Protesters fired gunshots, hurled bricks and set a gas station on fire in Milwaukee on Saturday night, hours after a patrol officer shot and killed an armed suspect who took flight after a traffic stop, authorities said.
The 23-year-old suspect, who had a lengthy arrest record, was carrying a stolen handgun loaded with 23 rounds of ammunition when police pulled over the vehicle for "suspicious activity," authorities said. A second suspect who fled from the vehicle was quickly taken into custody.
A statement by the Milwaukee Police Department did not say whether the suspect who was killed had fired any shots or pointed the weapon at officers during the incident. Authorities did not disclose the race or the name of the suspect or the uniformed officer.
Later, a crowd of more than 100 people in the predominately African-American section of the city where the shooting occurred hurled rocks as police officers in riot gear attempted to disperse the protesters.
Authorities said gunshots were fired during the disturbance. The windows of at least two squad cars were smashed, and one officer sitting inside one of the vehicles was hit in the head with a brick.
Protesters set a police car ablaze and fires broke out at gas station, an auto parts store and at least three other businesses, officials and local media reported.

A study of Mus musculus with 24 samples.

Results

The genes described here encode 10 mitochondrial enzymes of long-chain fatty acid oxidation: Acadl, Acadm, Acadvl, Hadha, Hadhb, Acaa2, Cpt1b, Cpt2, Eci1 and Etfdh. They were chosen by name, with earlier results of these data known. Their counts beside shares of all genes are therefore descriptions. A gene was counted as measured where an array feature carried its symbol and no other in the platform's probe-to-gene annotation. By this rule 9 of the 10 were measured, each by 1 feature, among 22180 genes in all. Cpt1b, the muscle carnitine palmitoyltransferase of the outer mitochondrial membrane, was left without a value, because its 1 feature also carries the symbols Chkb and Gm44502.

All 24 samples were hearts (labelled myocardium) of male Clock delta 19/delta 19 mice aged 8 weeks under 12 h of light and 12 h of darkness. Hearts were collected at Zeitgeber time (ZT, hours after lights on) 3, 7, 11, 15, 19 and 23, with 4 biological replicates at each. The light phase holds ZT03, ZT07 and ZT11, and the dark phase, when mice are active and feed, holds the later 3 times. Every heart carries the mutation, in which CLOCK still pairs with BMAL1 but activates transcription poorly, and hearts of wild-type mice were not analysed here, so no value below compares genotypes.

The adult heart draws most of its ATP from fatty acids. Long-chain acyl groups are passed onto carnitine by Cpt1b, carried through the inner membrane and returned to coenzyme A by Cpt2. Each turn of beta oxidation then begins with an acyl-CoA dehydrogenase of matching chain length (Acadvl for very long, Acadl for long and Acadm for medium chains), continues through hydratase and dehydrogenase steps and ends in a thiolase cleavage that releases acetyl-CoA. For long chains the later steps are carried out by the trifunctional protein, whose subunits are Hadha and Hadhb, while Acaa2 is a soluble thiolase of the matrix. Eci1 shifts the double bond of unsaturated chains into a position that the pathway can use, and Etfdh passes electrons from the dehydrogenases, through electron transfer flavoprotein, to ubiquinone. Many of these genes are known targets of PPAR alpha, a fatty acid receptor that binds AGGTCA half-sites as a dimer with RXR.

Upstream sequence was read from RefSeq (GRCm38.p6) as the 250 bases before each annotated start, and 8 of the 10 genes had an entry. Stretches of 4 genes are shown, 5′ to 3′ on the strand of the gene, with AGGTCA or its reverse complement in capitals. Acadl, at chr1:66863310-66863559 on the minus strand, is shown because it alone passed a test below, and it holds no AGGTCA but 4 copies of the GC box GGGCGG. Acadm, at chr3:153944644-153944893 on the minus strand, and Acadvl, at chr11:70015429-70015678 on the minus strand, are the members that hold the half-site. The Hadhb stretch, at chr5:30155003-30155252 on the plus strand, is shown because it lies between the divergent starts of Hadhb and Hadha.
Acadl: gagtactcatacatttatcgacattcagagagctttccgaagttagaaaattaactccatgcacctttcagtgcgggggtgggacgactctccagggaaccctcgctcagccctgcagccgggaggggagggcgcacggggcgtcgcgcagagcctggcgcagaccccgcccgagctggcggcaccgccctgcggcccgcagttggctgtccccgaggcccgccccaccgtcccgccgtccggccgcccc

"Our city is in turmoil tonight," said Alderman Ashanti Hamilton, president of the Milwaukee Common Council, said at a news conference as he appealed for calm.
Mayor Tom Barrett appealed for calm.
"This is a neighborhood that has been unfortunately affected by violence in the recent past," Barrett said, referring to a smaller disturbance a month earlier. "There are a lot of really, really good people who live in this area ... and can't stand this violence."
The unrest follows peaceful protests and some violence in U.S. cities over the past two years following high-profile killings by law enforcement officers in Baltimore, New York and Ferguson, Missouri.
The outrage over police violence has given rise to the Black Lives Matter movement and touched off a national debate over the race and policing in the United States.
"This is a warning cry," Milwaukee Alderman Khalif Rainey said. "Black people of Milwaukee are tired. They are tired of living under this oppression."
As of 1 a.m. Central time, police had made three arrests in connection with the unrest, said Assistant Police Chief James Harpole, adding that gunshots were fired from various locations during the disturbances.
The officer involved in the shooting is 24 years old and a six-year veteran of the force, police said. He was placed on administrative duty during the investigation and subsequent review by the Milwaukee County District Attorney's Office, a standard practice after shootings by law enforcement officers.
Milwaukee Police Assistant Chief Bill Jessup told the Milwaukee Journal Sentinel that it was not clear if the suspect pointed the gun or fired at the officers.
"Those additional facts will come out in the coming days," Jessup said.
Saturday's police shooting came after a violent night in Milwaukee. Five men were killed in nine shootings across the city, including a 36-year-old and 34-year-old who were fatally wounded outside a bar.